Access your Project MUSE content using one of the login options below Close(X)
Browse Results For:
On the Road and Behind the Scenes with Bob Seger
Tom Weschler spent more than ten years from the late 1960s through the 1970s in the Bob Seger camp, working as tour manager and photographer during Seger’s hard-gigging, heavy-traveling, reputation-making early days. Weschler’s behind-the-scenes photographs document the frustrations and triumphs of recording, performing, songwriting, and building the Seger empire before the breakthroughs of Live Bullet and Night Moves. Travelin’ Man collects Weschler’s early photos with additional images leading into the present. Weschler and award-winning music journalist Gary Graff annotate the images with Weschler’s recollections of the events and Graff provides additional background on Seger’s career in an introduction, timeline, and cast of characters section. Weschler’s photographs and stories pull back the curtain on seldom-seen aspects of Seger’s career, including time in the studio recording Mongrel, early struggles to get radio airplay, and small shows at schools and shopping malls. Weschler captures Seger’s personality on stage and at home and reveals the colorful personalities of those people he worked and performed with, including Alice Cooper, Bruce Springsteen, Glenn Frey, and KISS. He takes readers inside Seger headquarters in Birmingham, Michigan, and practice space in Rochester, Michigan, introducing them to renowned manager Punch Andrews and the various members of Seger’s bands. Weschler’s photos feature highlights like Seger’s show at the Pontiac Silverdome in 1976, his first gold record in 1977, the first meeting between Seger and Bruce Springsteen in 1978, and Seger’s induction to the Rock and Roll Hall of Fame in 2004. Travelin’ Man also contains art from eight Seger album covers that Weschler designed, a foreword by John Mellencamp, an afterword by Kid Rock, and a comprehensive discography. Seger fans and readers interested in music and biography will enjoy the one of a kind story in Travelin’ Man.
The Gulf Coast of Texas and Mexico
In a work of sweeping breadth and beauty, Geoff Winningham has created a profusely illustrated, contemplative travel journal that showcases his talent as both a photographer and a writer and reveals his affection and respect for the two countries he calls home. In 2003, photographer Geoff Winningham saw for the first time both the southern coast of Veracruz, with its volcanoes, rain forests, and steep mountains, and the Texas coast near High Island, where the land seems to stretch endlessly, covered by a sea of salt grass. He decided that these two visually striking areas could be the beginning and end points of a photographic study that would also engage the two cultures in which he had lived for twenty years, the U.S. and Mexico. Now, seven years and more than a hundred trips later, Traveling the Shore of the Spanish Sea: The Gulf Coast of Texas and Mexico is the result. In this beautifully illustrated and engagingly written book, Winningham also considers the role that the Gulf of Mexico played in the discovery and exploration of the New World. Winningham's journey begins east of High Island, in Port Arthur, where the images suggest a cautionary tale relating to the oil industry and the land. It ends twelve hundred miles down the coast at the end of an old, stone road in tropical terrain of almost indescribable beauty, overlooking the sea. In between, more than two hundred photographs include natural landscapes (ranging from unspoiled to completely despoiled), roadside architecture and signage, and images of people Winningham met. As he attempts to come to terms with the disturbing changes he witnessed to the coastal environment, the book also contains elements of a poignant, personal lament for what is being lost. Traveling the Shore of the Spanish Sea: The Gulf Coast of Texas and Mexico will delight and enchant readers with its deeply felt personal narrative and the power and beauty of its images.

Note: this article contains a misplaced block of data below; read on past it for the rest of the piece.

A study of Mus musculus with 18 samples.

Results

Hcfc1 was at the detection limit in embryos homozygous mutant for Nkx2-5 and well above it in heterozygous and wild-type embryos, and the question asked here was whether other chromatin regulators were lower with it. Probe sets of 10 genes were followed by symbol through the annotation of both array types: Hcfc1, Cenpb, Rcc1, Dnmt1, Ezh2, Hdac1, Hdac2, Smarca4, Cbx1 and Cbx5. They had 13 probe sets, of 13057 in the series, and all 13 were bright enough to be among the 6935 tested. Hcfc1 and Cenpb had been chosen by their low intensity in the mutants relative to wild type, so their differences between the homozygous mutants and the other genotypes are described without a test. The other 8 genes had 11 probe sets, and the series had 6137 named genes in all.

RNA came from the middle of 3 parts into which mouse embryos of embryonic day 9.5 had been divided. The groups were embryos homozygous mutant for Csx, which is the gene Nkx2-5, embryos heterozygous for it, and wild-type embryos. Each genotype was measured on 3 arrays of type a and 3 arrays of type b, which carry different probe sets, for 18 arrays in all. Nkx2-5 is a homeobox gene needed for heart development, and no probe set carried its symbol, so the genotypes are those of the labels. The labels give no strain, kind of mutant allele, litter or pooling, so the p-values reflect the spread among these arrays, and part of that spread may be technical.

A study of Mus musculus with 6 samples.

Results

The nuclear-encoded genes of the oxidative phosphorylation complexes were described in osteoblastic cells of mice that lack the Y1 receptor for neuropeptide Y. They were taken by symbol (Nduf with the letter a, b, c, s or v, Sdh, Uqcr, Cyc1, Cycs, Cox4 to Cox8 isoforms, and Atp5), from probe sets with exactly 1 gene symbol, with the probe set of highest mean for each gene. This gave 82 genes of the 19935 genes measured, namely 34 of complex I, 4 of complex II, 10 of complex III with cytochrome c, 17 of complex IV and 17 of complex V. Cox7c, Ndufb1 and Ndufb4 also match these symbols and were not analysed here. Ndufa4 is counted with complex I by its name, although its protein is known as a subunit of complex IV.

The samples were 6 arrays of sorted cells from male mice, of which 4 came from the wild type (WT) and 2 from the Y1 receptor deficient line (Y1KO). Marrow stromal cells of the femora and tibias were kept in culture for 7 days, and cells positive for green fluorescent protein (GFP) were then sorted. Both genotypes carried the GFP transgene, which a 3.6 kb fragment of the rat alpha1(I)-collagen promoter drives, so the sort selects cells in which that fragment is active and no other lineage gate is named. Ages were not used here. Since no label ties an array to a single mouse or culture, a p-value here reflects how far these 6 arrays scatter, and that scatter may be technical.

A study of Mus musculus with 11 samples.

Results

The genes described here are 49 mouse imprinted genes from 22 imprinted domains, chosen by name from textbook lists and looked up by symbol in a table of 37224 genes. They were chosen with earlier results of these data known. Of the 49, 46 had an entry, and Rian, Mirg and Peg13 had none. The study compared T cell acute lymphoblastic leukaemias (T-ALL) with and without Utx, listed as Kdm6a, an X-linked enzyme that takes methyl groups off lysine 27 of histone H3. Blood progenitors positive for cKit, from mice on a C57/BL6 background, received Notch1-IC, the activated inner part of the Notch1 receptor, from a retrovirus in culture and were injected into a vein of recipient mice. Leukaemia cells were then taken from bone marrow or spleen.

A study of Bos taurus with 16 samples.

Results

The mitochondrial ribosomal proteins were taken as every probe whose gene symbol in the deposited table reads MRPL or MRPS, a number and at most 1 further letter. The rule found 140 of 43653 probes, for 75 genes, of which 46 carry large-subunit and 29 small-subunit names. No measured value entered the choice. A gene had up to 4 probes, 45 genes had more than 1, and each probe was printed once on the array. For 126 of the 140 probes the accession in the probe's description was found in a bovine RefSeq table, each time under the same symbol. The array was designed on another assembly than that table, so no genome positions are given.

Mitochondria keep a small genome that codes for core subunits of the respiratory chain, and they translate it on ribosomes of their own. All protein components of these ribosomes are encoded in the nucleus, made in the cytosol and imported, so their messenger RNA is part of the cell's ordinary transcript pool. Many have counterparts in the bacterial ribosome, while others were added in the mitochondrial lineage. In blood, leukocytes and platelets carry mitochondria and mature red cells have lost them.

Community Arts and Popular Education in the Americas
Compelling case studies of groups in Panama, Nicaragua, Mexico, the United States, and Canada using the arts for education, community development, and social movement building. This compelling collection of inspiring case studies from community arts projects in five countries will inform and inspire students, artists, and activists. ¡Viva! is the product of a five-year transnational research project that integrates place, politics, passion, and praxis. Framed by postcolonial theories of decolonization, the pedagogy of the oppressed articulated by Brazilian educator Paulo Freire, and the burgeoning field of community arts, this collection not only analyzes the dynamic integration of the critical and the creative in social justice movements, it embodies such a praxis. Learn from Central America: Kuna children’s art workshops, a community television station in Nicaragua, a cultural marketplace in Guadalajara, Mexico, community mural production in Chiapas; and from North America: arts education in Los Angeles inner-city schools, theatre probing ancestral memory, community plays with over one hundred participants, and training programs for young artists in Canada. These practices offer critical hope for movements hungry for new ways of knowing and expressing histories, identities, and aspirations, as well as mobilizing communities for social transformation. Beautifully illustrated with more than one hundred color photographs, the book also includes a DVD with videos that bring the projects to life.